Gender-Flipping Dante: what a meme tells us about gamers and poets

This article on the importance of the gender-flipping meme* may seem a little off my stated topics, but gender-flipping, or at least, a gendered role-reversal represents the main problem I have Dante’s Inferno as reinterpreted by Visceral Games.
I have no qualms at all with it becoming a video game, in fact, I think that Dante’s level based hell has been crying out to become a game since games have had level. Sure, there are some problems of interpretation – how do you turn what is essentially a contemplative (if unsettling and potentially terrifying) guided tour through the underworld into something with engaging game play?

The answer? Dante fights his way through the various monsters and reinterpreted damned souls to get to Satan, the ultimate end boss. Obviously, huge liberties have been taken in this department (I don’t remember anything in the text about demon babies), but even this doesn’t send me rushing for the smelling salts, as it seems to be the logical transition from the textual to the game idiom, a sort of media translation.

If I’m happy with all of that, though, what am I griping about? In a word, Beatrice.

Beatrice, Dante’s beloved (in the chaste, courtly sense) and later the agent of his salvation (as she becomes a Christ-like presence in the poet’s life, an intercessor for his sins). I use the term agent intentionally, because if there’s one thing Beatrice doesn’t lack, it’s agency. Yes, she conforms to certain tropes of idealised and inherently patriarchal representation of women in literature, but she doesn’t lack power. And I’m not just talking about the power to grant or deny love (and/or sex).

Beatrice’s power stems from the fact that, after her death, when Dante has gone astray (his ‘diritta via era smarrita’, the straight path was temporarily lost), she takes pity on her earthly admirer and intervenes to save him from himself and from damnation. Virgil, may be Dante’s guide in hell, but don’t forget who sent him:

‘”Set out, and with your polished words

and whatever else is needed for his safety,

go to his aid, that I may be consoled.

I who bid you go am Beatrice.”‘

(Inferno II, 67-70, translation by Robert and Jean Hollander)

In the poem Beatrice is a major player, but in the video game she is reduced to supporting cast. In the Divine Comedy she is instrumental in saving the wayward Dante from his failings, in the game she is the one who has to be rescued. Let’s just pause on that for a second.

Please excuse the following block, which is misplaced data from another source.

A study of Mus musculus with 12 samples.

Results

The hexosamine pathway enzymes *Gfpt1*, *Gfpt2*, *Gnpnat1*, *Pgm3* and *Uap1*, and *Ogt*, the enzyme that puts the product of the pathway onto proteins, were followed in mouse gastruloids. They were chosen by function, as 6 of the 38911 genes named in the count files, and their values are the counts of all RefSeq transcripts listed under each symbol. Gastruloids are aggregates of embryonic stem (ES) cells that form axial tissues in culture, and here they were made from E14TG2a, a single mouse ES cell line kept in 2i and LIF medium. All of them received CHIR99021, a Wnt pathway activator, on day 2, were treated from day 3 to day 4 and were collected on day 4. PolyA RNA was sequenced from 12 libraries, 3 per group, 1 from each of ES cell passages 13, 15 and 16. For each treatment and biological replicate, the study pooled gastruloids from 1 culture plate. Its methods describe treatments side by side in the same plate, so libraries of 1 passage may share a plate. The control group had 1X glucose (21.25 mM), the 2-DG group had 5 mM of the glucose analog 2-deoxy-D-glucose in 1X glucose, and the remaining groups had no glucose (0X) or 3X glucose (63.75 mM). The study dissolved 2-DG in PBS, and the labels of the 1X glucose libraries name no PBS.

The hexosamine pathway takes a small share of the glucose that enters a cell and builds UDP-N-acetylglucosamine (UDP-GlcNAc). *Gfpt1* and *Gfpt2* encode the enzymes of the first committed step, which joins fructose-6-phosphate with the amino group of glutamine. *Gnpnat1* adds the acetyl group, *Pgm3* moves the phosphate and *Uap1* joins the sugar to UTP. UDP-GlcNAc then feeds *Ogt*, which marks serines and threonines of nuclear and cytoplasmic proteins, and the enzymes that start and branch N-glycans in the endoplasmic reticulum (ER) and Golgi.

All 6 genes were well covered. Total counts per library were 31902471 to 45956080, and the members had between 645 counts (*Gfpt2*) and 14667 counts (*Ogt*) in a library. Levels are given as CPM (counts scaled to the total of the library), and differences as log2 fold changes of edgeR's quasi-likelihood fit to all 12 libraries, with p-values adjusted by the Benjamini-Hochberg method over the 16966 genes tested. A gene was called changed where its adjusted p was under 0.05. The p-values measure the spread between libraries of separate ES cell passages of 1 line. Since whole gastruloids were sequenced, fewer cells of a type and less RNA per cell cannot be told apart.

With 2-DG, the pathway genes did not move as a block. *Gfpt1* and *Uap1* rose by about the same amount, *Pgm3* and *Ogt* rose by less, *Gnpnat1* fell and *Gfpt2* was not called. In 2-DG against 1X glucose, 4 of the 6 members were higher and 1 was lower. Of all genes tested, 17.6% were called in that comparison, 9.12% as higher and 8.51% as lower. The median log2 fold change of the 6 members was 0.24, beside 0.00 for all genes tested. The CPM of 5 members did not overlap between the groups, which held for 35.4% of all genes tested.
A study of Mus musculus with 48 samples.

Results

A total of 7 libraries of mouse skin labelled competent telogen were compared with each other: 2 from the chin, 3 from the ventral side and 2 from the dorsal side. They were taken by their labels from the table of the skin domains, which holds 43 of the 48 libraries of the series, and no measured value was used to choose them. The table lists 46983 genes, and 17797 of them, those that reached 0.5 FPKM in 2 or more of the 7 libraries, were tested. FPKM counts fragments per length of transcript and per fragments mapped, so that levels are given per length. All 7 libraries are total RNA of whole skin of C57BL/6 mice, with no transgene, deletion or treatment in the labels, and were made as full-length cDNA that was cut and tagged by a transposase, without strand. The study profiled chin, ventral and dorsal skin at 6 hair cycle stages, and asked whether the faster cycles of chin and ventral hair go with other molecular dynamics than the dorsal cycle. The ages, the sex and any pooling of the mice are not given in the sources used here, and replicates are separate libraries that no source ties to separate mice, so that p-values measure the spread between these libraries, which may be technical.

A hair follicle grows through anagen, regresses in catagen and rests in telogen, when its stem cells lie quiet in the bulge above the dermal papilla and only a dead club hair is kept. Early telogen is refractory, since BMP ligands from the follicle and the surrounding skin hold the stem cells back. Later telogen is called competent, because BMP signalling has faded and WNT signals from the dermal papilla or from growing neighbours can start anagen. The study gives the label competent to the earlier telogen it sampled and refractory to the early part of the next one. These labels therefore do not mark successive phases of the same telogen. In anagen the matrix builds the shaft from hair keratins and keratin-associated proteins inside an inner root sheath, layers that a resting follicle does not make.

In Dante’s text, the only redeeming force more powerful than Beatrice is God himself.
In Visceral’s game she is little more than damsel in distress.
In the game it is Dante’s responsibility to free Beatrice from hell so she can take up her place in Heaven.

And here we get to the gender flipping; understandably Dante is the battling protagonist, but why must he rescue Beatrice? There’s already a narrative thread in the game whereby Dante is trying to absolve himself of some (fairly fictive) sins by fighting his way to Beatrice and out of the underworld. Surely the plot arc would have made more sense if he battled through his Inferno in order to be reunited with Beatrice beyond the bounds of hell (it might even have left easier space for a sequel, but I’m not sure I want to think about what they’d to Purgatorio). So my problem is this: Why does the female rescuer have to become the rescued? Why does the almost lost Dante have to become the dominant force? Are 21st century gamers really more uncomfortable with the idea of salvation by a woman with agency than a 13th century poet was?

I hope not, but I fear that for some it might be true and that’s why the kind of social mirror provided by the meme where this conversation began is so important.

* taking representations of women and applying them directly to representations of men and vice versa to highlight the sexism of imagery, e.g. the Hawkeye initiative.